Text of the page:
Richard Cohen’s piece today on the sorry schmoozing skills of Barack Obama, particularly when compared to Bill Clinton’s, strikes at what Cohen calls Obama’s paradox. How can he be simultaneously a rock star who draws huge, adoring crowds to speeches and someone his colleagues find aloof and unfriendly? And how much has personal animus — when he doesn’t return a call or reacts dismissively to someone important — kept him from being as effective legislatively and politically as he could have been? Cohen claims that other politicians, even Democrats, believe that Obama lacks basic political skills. Can schmoozing really be that different from oratory?

kea_ has a theory: Obama’s an introvert, and appearing otherwise is tiring work. But ideally a president shouldn’t have to be one way or the other:

Maybe Cohen is right that it takes an extroverted personality to get things done in Washington. There are too many people who will turn on you if you don’t stroke their egos. But if that’s the case, it’s sad.

bbface21 basically agrees, but says schmoozing is an important part of the job:

Perhaps, but even introverts will schmooze with the best of them if he has to. I think Obama is just arrogant.

richardstbernard argues basically that people who like a president will see him as presidential, and people who don’t, won’t:

It is legitimate to criticize Obama for his failure ... to engage his colleagues in Congress in the ways they expect, and for spending too much time with his family and his golf game.

But he is damned if he does and damned if he doesn’t. For example, some opponents insist he is cocky, arrogant, conceited, and has delusions of grandeur, even while others say he doesn’t carry himself with the authority and gravitas of a president.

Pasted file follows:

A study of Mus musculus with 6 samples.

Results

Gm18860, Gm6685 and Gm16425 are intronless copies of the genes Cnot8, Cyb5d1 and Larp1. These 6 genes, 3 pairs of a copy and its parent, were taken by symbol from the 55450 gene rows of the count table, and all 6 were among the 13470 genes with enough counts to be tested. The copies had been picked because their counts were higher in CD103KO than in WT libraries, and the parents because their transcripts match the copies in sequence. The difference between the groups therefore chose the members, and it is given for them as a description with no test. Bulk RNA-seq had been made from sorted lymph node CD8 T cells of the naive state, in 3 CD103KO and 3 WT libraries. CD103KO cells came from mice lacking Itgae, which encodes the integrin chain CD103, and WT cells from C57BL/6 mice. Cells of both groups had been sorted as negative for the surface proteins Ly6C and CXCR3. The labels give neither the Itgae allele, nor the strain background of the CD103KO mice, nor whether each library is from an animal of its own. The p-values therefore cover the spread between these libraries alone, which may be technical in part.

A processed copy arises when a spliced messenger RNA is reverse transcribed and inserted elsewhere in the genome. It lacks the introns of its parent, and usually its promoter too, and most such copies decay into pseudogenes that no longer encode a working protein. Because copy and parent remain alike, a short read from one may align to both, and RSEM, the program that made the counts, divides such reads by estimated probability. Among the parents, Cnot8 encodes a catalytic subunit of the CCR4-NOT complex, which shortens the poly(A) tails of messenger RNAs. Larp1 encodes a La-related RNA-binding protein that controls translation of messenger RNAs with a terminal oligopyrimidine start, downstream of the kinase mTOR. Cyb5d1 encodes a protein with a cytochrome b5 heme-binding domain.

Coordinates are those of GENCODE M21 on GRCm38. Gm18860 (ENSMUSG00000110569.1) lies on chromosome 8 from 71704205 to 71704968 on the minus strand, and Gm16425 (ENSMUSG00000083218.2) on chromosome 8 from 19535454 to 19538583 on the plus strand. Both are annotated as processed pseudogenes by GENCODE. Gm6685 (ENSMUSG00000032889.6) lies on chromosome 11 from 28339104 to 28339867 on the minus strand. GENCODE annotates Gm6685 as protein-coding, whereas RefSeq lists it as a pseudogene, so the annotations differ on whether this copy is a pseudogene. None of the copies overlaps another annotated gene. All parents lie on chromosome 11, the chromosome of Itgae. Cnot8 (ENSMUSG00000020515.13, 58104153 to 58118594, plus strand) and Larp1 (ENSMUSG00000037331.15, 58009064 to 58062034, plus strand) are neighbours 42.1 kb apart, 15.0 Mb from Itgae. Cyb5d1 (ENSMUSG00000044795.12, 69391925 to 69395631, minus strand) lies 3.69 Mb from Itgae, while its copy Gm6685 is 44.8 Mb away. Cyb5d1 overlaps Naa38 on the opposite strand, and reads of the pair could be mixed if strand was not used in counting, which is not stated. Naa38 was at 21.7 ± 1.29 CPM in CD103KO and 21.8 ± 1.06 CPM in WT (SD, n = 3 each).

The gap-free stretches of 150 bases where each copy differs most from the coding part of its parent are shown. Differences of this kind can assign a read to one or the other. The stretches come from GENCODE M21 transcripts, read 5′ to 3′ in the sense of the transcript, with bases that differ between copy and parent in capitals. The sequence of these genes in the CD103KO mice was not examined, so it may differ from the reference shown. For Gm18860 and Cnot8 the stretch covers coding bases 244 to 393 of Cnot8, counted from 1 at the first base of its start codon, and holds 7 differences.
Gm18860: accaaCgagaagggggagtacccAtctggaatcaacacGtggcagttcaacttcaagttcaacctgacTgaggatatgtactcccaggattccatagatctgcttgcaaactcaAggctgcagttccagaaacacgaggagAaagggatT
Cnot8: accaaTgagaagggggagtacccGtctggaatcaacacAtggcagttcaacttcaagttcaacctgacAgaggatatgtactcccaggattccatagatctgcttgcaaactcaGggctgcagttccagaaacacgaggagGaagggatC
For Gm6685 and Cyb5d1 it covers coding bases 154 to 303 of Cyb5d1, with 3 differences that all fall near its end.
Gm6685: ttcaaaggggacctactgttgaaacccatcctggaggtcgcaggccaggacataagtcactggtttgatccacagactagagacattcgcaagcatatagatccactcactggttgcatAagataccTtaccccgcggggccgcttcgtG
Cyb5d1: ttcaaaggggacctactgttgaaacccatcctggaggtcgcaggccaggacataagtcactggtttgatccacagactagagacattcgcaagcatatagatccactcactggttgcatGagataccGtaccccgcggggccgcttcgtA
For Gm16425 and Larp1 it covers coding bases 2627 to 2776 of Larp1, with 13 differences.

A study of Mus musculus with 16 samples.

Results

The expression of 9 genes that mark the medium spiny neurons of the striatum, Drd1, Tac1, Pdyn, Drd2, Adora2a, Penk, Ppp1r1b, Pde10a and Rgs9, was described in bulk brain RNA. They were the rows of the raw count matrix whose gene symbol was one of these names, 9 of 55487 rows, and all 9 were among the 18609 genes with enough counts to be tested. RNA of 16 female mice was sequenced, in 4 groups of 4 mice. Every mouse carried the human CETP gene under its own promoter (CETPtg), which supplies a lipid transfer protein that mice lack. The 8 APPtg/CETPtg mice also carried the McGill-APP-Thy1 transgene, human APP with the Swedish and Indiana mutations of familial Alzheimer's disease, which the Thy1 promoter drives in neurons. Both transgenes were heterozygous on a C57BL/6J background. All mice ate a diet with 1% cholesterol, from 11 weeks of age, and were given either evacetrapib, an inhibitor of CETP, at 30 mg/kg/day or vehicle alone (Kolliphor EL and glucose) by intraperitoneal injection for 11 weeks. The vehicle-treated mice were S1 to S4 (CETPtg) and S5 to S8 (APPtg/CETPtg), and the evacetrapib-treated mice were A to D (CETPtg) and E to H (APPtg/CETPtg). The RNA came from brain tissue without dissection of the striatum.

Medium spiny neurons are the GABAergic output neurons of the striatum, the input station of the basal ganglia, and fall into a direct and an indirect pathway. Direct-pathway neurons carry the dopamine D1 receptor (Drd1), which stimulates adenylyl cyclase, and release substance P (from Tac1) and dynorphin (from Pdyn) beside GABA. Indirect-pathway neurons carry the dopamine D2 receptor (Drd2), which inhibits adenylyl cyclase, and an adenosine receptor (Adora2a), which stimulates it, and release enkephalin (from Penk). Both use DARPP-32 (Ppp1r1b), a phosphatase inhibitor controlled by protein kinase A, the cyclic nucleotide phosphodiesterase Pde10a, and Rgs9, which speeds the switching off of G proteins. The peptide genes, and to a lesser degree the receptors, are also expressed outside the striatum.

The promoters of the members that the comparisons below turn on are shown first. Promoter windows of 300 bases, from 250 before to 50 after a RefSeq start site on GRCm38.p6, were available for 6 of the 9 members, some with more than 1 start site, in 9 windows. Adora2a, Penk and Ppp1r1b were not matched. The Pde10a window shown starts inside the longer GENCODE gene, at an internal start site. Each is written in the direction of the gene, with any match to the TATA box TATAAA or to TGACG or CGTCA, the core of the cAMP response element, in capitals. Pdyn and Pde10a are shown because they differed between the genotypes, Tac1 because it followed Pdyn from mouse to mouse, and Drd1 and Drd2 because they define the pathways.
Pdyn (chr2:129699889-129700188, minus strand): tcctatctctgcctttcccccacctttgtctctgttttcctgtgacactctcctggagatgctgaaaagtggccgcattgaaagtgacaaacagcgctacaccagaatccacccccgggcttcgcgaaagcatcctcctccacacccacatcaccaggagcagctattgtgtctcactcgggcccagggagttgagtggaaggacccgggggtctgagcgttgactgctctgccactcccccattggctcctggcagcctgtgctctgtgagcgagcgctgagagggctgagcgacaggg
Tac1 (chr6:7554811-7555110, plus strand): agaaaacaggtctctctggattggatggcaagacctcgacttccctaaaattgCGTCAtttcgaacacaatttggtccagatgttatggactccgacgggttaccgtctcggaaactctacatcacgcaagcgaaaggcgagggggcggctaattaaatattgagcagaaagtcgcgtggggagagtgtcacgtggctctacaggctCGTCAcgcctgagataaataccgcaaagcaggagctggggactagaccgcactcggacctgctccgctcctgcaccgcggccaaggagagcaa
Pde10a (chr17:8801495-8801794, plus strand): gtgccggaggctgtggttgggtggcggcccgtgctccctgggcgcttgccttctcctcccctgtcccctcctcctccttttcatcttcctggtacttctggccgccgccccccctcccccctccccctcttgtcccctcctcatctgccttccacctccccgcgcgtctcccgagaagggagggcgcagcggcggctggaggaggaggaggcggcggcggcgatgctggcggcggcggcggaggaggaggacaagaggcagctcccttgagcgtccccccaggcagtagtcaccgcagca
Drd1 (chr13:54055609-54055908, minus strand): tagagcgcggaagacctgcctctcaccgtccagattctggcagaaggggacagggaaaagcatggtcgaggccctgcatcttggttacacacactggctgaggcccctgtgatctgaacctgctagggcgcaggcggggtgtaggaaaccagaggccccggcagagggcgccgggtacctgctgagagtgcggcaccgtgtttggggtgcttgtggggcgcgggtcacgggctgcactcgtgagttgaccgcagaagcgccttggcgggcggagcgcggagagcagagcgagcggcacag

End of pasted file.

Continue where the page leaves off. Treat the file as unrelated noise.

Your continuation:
paultaylor1 says, well yeah, but we’ve had a bunch of presidents who weren’t Clinton:

There are different kinds of people; different kinds of politicians. Sure, Clinton is one of the best, of the political genre. But not all can be so good at glad-handing, camaraderie politics. Not all can feel your pain, quite so convincingly. Clinton is the master. And why should we hold him up as the standard, when he is so rare?

dogwolf says Clinton’s seeming trustworthiness actually made him less trustworthy:

Clinton was and is the best car salesman to occupy the White House in at least the last half century. Brilliant at understanding what the audience du jour wants to hear, articulate and eloquent at framing delivering the words, and utterly shameless at being willing to spout them as his own deep convictions, regardless of whether he actually cares one jot. He would say anything to anybody if he saw benefit — principles be damned.

And felix155 pares his or her opinion on Obama down to the basics

He is a promiser, not a deliverer.

PostScript is old and young enough to have been totally grossed out during Clinton’s impeachment trial, and it’s sort of funny to her that anyone remembers Clinton as the president people in Washington liked. Cohen points out that Abraham Lincoln and Lyndon Johnson also had to fight politics tooth and nail to get what they wanted, but they won over political opponents with their interpersonal skills. It’s hard for PostScript to imagine what that would look like now.